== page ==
Imagine someone handing you a solid cube of polymer and asking you to determine its viscosity. Since polymer viscosities can range from 10-2 to 1012 poise, one testing method really doesn't cover them all. For this reason, two common methods are used: melt and solution.
Primarily used for higher viscosity polymers, the melt index is a common testing method. Test parameters such as compression weight and testing temperature are dependent on the type of polymer.
For example, polyethylene parameters include a temperature of 190 0C
and a weight of 10 kg. After a set amount of time (often 10 minutes) the polymer
that was extruded is weighed. The melt index would be expressed as grams polymer/10
minutes. This value corresponds to the polymer's average molecular weight.
Polyethylene with an average molecular weight of 150,000 g/mole would have a melt index
near 0.3 g/10 minutes. Melt indices above 15 g/10 minutes are desirable for process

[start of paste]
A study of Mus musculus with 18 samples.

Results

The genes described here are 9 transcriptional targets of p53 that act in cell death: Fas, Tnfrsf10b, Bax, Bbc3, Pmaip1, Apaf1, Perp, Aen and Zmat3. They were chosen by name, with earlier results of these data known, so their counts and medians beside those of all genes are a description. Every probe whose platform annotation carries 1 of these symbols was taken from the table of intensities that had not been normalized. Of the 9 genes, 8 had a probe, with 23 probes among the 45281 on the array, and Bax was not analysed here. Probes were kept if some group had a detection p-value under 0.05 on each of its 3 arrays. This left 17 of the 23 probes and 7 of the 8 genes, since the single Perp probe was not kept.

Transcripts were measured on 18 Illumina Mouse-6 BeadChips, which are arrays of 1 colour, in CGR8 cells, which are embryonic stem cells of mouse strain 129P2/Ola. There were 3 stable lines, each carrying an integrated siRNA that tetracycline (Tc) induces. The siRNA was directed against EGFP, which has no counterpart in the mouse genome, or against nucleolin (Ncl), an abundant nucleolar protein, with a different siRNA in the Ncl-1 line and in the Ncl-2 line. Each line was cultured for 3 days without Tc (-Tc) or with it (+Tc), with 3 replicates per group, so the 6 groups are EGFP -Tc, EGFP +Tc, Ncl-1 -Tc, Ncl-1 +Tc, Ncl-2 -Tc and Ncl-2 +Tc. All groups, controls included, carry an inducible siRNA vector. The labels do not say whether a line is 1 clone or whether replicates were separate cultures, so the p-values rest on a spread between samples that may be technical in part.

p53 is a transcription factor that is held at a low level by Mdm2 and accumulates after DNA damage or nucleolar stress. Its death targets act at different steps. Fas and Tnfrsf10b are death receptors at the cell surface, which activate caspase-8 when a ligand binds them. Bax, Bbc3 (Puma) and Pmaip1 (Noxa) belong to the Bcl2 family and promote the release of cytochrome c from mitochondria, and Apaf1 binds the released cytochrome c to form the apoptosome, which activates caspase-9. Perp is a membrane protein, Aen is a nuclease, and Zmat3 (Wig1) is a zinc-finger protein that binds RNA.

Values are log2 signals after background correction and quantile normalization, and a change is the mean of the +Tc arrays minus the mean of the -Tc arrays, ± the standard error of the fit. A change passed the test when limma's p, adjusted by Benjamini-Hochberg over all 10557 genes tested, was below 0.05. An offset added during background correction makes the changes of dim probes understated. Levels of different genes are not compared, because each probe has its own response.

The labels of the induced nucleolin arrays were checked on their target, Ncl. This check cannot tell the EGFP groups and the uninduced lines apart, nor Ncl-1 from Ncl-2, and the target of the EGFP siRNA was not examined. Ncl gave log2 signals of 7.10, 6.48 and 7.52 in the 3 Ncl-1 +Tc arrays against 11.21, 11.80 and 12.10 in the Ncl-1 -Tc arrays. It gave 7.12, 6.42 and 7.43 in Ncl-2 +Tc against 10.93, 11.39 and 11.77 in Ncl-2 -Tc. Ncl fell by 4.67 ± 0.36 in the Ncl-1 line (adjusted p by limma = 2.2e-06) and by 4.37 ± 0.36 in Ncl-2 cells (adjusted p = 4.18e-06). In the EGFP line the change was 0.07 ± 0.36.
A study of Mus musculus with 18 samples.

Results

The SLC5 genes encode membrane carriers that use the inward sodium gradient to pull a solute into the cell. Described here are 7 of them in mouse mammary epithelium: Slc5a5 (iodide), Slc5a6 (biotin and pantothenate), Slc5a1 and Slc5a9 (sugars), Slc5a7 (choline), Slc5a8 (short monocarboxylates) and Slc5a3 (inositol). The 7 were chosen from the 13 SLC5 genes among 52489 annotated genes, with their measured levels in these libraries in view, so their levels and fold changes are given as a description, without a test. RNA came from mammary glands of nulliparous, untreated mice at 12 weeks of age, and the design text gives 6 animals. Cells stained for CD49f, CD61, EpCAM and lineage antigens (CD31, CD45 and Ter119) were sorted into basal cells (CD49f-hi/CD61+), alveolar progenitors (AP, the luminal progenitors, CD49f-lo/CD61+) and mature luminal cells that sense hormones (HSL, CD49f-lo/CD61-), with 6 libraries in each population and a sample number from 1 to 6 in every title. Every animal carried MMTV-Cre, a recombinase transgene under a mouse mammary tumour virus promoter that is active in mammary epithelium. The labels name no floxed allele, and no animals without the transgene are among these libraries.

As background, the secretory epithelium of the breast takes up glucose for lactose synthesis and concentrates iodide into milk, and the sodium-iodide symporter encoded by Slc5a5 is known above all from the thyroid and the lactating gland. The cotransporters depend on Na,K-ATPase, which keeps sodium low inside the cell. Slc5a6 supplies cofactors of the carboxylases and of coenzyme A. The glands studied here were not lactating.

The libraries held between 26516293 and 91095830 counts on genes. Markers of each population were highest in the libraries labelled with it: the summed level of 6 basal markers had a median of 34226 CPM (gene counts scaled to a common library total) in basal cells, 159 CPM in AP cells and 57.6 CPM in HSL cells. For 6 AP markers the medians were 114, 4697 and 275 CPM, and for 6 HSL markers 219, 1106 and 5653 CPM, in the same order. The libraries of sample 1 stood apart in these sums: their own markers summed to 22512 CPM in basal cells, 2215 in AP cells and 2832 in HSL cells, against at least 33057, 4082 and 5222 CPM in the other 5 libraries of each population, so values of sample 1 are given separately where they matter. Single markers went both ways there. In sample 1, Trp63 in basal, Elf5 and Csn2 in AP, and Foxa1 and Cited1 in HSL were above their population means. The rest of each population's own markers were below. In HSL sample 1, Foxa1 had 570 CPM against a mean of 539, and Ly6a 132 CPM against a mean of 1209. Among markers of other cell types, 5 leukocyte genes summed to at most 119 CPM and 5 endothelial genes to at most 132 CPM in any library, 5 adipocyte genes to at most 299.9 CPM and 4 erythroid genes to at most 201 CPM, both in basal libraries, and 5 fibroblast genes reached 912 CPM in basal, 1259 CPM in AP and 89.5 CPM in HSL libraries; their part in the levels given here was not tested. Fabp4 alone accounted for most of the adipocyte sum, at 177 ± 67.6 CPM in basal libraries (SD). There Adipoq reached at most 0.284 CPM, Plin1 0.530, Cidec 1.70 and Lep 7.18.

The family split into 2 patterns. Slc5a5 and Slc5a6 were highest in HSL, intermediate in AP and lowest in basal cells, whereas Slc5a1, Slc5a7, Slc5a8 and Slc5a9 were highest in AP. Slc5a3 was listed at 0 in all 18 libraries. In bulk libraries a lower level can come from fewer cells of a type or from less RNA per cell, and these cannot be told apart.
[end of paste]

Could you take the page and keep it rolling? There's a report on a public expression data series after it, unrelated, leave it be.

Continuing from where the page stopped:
points or final products where ease of processing in important. Melt indices below 1
g/10 minutes are favored when mechanical properties are important. The melt index is
not an intrinsic property of polymers (which limits its usefulness), but is nearly always
specified when a polymer is requested due to its ability to predict general behavior
properties of the polymer.
Testing by solution viscosity starts with dissolving a polymer in a solvent (usually accompanied by gentle heat). The solution is then timed as it travels through an appartus (often a pipette). The time for the pure solvent to flow through the appartus is also timed. These two values are compared to yield a relative viscosity. Relative viscosity is the ratio of the polymer viscosity to the solvent viscosity. Of greater interest to the polymer industry is a property known as intrinsic viscosity (IV). IV is proportional to the volume of the polymer and to the molecular weight.